N. Pirie - Heliotropism
It was a mid-summer afternoon, the windows were down, and she was relaxing in the passenger seat, head tilted back into the headrest; her short, dark hair tossed about in the wind, and the faintest of smiles stretched across her lips as her head rolled to the side and into the light and warmth that beat down upon our car. When the sun is out, sunflowers will follow its rays in search of sustenance, so too does she—for comfort, the feeling on her skin, and the way it warms up those chronically cold bones.
All the light I had ever known gently cradled her face and seemed to pull at her, raising her beyond the typical places she dwells, calling her to another plane. Alas, there always seem to be those things that hold us back. In this case, a seatbelt and a phone call.
They say it is not love that causes a sunflower to follow the sun, it’s just a natural process of growth—heliotropism, or some such terse, scientific concept. But I’ve seen a sunflower turn to the east to await a sun that would never rise again, and I saw heartache, loss, and petals learning to live in the dark.
There is something particular about this house: an invitation, tied not to place but to people.
You see, it is a beautiful house.
From the curb, it presents with a wrap-around, covered porch, and it takes but a pair of eyes to recognize a space so idyllic that you immediately delve into fantasy: a coffee and a blanket on a cold autumn day with a selection of quality literature piled beside you—dealer’s choice. It is enchanting, so much so that when I think about the front of this house, my mind barely makes it past the front porch, and I often forget about the sunroom tucked behind the shrubbery.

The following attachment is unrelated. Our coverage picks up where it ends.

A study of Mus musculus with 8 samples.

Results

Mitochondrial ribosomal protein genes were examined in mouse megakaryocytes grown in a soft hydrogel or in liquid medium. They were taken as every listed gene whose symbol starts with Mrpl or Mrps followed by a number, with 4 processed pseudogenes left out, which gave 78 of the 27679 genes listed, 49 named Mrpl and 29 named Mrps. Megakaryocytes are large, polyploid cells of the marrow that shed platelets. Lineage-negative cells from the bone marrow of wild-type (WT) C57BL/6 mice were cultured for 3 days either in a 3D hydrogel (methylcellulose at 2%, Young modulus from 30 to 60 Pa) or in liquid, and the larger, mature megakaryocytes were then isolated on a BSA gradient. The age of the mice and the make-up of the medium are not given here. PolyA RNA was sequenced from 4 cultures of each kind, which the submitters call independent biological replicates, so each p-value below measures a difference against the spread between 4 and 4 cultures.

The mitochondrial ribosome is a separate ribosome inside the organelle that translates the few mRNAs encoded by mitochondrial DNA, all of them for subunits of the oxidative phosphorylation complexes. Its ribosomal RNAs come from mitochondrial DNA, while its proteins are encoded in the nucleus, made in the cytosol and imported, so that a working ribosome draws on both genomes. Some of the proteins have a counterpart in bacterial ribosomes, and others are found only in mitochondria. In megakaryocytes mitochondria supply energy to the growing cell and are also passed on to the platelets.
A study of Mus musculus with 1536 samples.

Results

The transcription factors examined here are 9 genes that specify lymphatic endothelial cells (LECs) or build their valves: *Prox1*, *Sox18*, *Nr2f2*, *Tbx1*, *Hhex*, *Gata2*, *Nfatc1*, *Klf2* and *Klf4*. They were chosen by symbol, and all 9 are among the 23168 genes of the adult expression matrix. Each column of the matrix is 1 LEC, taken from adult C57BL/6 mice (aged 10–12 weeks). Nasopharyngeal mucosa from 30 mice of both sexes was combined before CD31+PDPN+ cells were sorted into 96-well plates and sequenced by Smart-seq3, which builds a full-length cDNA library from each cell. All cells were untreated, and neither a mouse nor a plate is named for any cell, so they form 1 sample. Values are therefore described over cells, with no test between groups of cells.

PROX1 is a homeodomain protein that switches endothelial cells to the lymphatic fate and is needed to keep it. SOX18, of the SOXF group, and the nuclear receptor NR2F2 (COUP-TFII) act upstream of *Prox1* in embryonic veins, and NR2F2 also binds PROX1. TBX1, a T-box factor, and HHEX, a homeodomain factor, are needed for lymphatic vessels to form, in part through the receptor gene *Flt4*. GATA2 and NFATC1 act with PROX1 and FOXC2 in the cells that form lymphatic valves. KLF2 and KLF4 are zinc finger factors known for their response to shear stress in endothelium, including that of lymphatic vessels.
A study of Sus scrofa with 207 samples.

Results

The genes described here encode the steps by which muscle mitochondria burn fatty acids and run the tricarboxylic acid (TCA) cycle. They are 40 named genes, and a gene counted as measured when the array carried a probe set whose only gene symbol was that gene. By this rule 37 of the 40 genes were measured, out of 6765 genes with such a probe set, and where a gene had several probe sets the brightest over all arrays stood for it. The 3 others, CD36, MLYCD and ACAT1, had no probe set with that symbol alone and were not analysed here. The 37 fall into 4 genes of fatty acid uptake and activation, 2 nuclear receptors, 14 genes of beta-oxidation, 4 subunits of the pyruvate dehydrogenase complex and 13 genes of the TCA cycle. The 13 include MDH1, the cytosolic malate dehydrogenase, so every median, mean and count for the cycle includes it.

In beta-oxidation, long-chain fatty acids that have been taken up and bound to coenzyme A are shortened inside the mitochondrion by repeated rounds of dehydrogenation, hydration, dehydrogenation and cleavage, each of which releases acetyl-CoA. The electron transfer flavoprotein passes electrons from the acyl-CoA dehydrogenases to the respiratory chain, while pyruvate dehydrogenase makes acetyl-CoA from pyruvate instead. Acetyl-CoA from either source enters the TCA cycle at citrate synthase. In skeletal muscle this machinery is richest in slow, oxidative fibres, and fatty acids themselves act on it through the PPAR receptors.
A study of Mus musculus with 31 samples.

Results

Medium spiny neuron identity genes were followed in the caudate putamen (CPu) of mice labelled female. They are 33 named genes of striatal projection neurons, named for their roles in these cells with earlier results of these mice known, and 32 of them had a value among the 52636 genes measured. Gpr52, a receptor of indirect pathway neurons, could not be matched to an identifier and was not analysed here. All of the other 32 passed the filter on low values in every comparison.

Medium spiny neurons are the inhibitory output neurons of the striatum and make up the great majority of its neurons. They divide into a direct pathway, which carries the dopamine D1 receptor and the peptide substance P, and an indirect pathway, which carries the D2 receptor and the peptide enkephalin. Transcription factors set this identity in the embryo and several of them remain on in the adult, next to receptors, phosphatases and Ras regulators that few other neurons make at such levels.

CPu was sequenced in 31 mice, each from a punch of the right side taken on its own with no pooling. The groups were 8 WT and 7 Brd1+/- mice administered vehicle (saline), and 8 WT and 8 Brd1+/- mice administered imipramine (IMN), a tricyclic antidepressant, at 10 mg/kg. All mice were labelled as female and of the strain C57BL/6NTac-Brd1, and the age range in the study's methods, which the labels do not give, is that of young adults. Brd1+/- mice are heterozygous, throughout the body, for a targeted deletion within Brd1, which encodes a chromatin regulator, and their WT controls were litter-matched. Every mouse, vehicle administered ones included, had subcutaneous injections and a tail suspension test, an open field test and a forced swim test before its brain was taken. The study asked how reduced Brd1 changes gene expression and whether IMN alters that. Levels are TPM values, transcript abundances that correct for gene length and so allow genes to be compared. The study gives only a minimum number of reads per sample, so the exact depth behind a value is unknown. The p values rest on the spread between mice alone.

All this, yet today was the first time I walked through the front door or had even been out on the front porch, for that matter.
Here, front doors and porches seem to be for strangers, not even the mail.
It is one of those old houses with the creaks and groans that make a house a home; with beautiful wooden and stone features throughout the top two levels; with a cellar you would rather not spend any time in at all; with a finicky water filter ready to ruin an evening; with the kind of staircase you could imagine peeking through as a child, looking longingly at the world beyond your bedtime confines; with a kitchen that makes you wish you were a better chef; with a driveway you wouldn’t even hate shovelling; with gardens of colourful growth and wooden faces hidden in trees; with two and a half out-buildings (long story don’t ask) that have become storage for impractically heavy objects, spiders and their webs, creeping or crawling critters, tiny skeletons, and live ammunition; with a fire pit for bringing people together at the end of a perfect day; with all the people you love.
One of those old houses.
Last night was a dark night in all literal and figurative senses, but the most curious light shone out from the woods beyond the field behind the house.
Two figures approached and addressed us; she was soft and gentle, a wealth of pleasant conversation and comforting stories; he was reminiscent and blessed with elixirs.
The people you need to see will find you in the most peculiar places.
I got out of the pool, drying off with a starchy towel pulled from the bottom of a linen closet. I sat beside her, under the umbrella, in the shade. She was watching her nieces play in the pool, holding her gaze as if she was afraid to break it. I stayed only long enough to notice the one thing that did break her concentration.
From the top side of the pool, a four-legged Bagel noticed her hiding spot and began swinging his tail in excited loops, as if trying to propel himself to her faster, while keeping a cautious eye on the edge of patio and the water below. When he made it within range, he jumped his front half into her lap, seeking affection and warmth from his sun that would never set.
Home is the loving feeling of space.
There is no singular, physical location; home is an ever-evolving mysticism of people and places that you take with you wherever you go. So long as you surround yourself with those who love you, the home establishes itself in time.